Jane McGonigal might suggest online games that embody kernel theories about what works and what doesn’t (PERMA):
- Positive Emotions
- Meaning, and
Along these lines, Byron Reeves, James J. Cummings, and Dante Anderson have developed an energy game called “Power House” motivated by several problems:
To this end, billions of dollars have been spent on smart grid and smart meter technologies, based on the idea that people will use new energy information to make wiser energy decisions. However, despite the availability of rich mines of data, there is still a problem: the process by which consumers interact with this data is not engaging. The information is dull, the interfaces are complex, and the feedback is temporally distanced from behavior (Figure 1.). As a result, incentives for the users are unclear.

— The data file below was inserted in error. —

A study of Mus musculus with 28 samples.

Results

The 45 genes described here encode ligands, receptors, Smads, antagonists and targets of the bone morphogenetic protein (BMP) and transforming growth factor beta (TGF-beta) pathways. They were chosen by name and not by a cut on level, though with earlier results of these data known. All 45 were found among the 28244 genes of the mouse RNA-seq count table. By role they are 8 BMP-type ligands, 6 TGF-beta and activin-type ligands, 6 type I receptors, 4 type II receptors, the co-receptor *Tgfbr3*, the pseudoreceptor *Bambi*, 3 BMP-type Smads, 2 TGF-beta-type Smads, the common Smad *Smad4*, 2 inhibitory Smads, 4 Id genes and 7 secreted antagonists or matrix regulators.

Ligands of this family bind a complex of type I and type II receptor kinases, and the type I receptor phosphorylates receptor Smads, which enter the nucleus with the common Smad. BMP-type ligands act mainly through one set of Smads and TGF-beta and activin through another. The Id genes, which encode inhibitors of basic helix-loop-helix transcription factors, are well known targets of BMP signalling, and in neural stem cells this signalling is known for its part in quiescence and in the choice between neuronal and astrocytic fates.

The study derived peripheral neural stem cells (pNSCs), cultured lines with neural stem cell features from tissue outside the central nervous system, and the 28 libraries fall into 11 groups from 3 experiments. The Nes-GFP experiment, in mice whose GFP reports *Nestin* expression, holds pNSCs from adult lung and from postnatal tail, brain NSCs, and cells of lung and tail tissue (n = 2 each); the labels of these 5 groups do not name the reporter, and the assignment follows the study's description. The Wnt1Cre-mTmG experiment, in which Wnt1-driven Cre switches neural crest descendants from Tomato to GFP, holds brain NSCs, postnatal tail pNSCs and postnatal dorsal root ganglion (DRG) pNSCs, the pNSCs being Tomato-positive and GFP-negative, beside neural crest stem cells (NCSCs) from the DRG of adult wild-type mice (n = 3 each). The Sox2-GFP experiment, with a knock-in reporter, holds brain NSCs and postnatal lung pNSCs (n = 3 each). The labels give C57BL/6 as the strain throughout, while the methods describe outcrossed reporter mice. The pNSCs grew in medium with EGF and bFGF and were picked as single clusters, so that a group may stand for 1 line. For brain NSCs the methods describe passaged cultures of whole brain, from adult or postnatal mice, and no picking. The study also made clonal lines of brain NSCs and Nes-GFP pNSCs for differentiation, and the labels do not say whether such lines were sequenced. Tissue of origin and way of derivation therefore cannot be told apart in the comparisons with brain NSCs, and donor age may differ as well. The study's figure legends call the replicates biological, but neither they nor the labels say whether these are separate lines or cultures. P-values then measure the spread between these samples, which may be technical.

Popular game environments offer insight for energy applications. Games engage people with elements like self-representation, timely feedback, community connections, ranks and levels, teams, virtual economies, and compelling narratives . A multiplayer game that connects such elements to the information gathered by home smart meters could prove more engaging than current UIs. [My bold, Full CHI 2011 paper here]
Power House tests these kernel theories about what works and what doesn’t by embodying them in the design and game play:
Will this form of gaming prove effective? What will the next phase of research involving research trials with actual users in the U.S. and Europe reveal? Could these ideas be adapted to bolster energy and carbon reduction campaigns within organizations?